Nils' Fucked Up Day
nytheatre.com review by Nathaniel Kressen
August 14, 2011
Sometimes banned, sometimes celebrated in its native Romania, Nils' Fucked Up Day arrives at this year's FringeNYC with the ambitious agenda of translating some of its text and subject matter to resonate with an American audience. While one has a sense that the characters and setting are distinctly representative of a former Communist country struggling with its own identity, there are certain universal themes to be explored.
The play depicts a handful of druggies and schemers living in a decrepit apartment, some dreaming of brighter days, others content wallowing in their own filth. Jobs are a foreign concept, death is a punchline, and sexuality is primarily a form of trade. Set in a single room, the day starts with the titular character Nils and his friend Hans preparing to get high, receiving bad news, then getting high as though nothing's changed. Nevertheless, the news causes a bad trip, which causes one heated encounter after another with the assorted comrades who cross their paths as the day wears on.
After the turmoil comes to an abrupt halt, the same events are replayed as an upper class satire, with the characters' obsessions turning from drugs and sex to homework and proper etiquette. The tonal shift is so thorough that the characters' saccharine dealings with one another become far more difficult to watch than the immorality that preceded them. By presenting this dichotomy, writer/director Peca Stefan seems to be asking which path holds the greater vice: to actively engage with the world even if it means destroying oneself, or to adopt society's established conventions without ever seeking a deeper truth.
In its current form, the play is still finding its voice for an American audience. One has the sense that the provocative magic of the original production might have come from the jovial, routine manner in which the central duo recounts the rapes and murders they've committed. Here, the dialogue is still largely in its native language, and the English-speaking audience is forced to split attention between the actors onstage and the subtitles overhead. The production team chooses to give the subtitles a sardonic humor all their own (commenting on the play instead of depicting it), however a more straightforward translation might have proven more beneficial. As of now, the nuances of the characters' conversation get lost, and it therefore proves difficult to invest in their skewed sense of reality.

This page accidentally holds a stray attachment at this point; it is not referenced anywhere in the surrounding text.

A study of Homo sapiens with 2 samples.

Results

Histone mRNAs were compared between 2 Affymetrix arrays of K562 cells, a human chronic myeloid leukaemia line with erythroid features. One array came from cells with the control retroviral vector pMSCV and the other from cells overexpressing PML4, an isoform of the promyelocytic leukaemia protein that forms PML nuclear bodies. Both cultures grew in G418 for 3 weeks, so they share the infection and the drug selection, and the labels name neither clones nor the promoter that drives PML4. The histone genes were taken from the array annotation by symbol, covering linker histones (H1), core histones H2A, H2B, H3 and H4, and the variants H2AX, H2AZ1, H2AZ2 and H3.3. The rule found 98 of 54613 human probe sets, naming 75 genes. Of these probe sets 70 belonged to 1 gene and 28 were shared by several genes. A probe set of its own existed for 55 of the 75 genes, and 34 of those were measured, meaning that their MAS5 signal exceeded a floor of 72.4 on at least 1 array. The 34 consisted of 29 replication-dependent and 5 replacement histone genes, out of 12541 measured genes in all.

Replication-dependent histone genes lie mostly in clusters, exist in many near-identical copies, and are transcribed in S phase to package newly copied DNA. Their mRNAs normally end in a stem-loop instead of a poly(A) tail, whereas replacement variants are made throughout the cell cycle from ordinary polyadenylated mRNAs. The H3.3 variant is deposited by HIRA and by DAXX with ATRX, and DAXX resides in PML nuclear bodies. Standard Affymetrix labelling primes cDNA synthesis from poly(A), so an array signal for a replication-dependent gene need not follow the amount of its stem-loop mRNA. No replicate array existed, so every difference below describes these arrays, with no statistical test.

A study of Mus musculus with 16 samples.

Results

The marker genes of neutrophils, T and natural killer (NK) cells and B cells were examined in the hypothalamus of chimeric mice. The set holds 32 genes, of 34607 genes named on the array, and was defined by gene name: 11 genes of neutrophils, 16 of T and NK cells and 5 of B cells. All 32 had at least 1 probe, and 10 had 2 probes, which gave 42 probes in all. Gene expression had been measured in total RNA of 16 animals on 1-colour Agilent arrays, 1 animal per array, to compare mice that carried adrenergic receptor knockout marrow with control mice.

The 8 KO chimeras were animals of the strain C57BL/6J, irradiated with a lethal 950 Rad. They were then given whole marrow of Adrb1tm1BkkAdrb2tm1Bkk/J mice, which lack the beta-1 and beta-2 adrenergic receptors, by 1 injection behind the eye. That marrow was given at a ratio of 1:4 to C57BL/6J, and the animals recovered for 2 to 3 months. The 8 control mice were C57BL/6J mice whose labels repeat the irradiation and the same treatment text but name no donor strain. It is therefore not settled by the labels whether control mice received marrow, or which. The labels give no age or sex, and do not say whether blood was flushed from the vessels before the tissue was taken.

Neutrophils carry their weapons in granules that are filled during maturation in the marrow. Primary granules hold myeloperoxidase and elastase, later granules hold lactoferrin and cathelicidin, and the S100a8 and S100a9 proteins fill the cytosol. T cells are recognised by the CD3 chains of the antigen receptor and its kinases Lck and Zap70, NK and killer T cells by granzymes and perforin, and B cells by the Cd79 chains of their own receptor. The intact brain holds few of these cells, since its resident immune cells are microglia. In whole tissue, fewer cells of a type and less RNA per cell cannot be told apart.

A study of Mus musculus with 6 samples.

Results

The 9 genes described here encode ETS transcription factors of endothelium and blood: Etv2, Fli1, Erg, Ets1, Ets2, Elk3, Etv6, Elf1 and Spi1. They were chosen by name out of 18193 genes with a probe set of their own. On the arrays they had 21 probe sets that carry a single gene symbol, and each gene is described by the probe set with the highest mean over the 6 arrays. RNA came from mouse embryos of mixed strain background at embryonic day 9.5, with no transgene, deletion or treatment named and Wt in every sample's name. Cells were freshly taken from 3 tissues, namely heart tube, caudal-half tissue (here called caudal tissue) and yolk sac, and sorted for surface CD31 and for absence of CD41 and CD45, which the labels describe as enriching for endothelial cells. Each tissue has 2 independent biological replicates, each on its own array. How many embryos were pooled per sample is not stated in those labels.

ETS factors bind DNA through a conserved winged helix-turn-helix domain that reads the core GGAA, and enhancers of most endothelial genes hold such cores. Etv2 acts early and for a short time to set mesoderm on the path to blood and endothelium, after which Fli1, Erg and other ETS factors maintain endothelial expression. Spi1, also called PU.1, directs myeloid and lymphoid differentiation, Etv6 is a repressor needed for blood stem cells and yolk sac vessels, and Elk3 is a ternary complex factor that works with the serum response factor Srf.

There are other moments that have been adapted more successfully. Periodically, Nils approaches the audience to deliver a monologue that breaks the fourth wall. Early on, he tells us that this will be the first time the show will be performed in English. "Exciting for you," he says, "Just difficult for us." In fact, these brief interludes accomplish far more than simply providing context for the events to follow. They help the audience to overcome the vast divide between their own lives and the squalor depicted onstage, thereby accessing the deeper themes of the piece rather than being caught up in the whirlwind that surrounds them.
Cinty Ionescu's pre-show video design is particularly successful, as it incorporates clips from American pop culture that set a broader context for the production. The selections seem to argue that the things that society chooses to deem taboo (such as dirty language or a celebrity's misbehavior) are relatively minor when compared to the daily tragedies (such as a war casualties, rising unemployment, and a failing education system) that are rarely, if ever, challenged in a substantial way.
There's a lot going on in Peca Stefan's work. He has a stellar cast who courageously tackle the language barrier and nonetheless bring the show to life in a memorable way. I hope to see this show again if Stefan continues to expand its American version, as I think it will only grow stronger for its experience playing at the festival.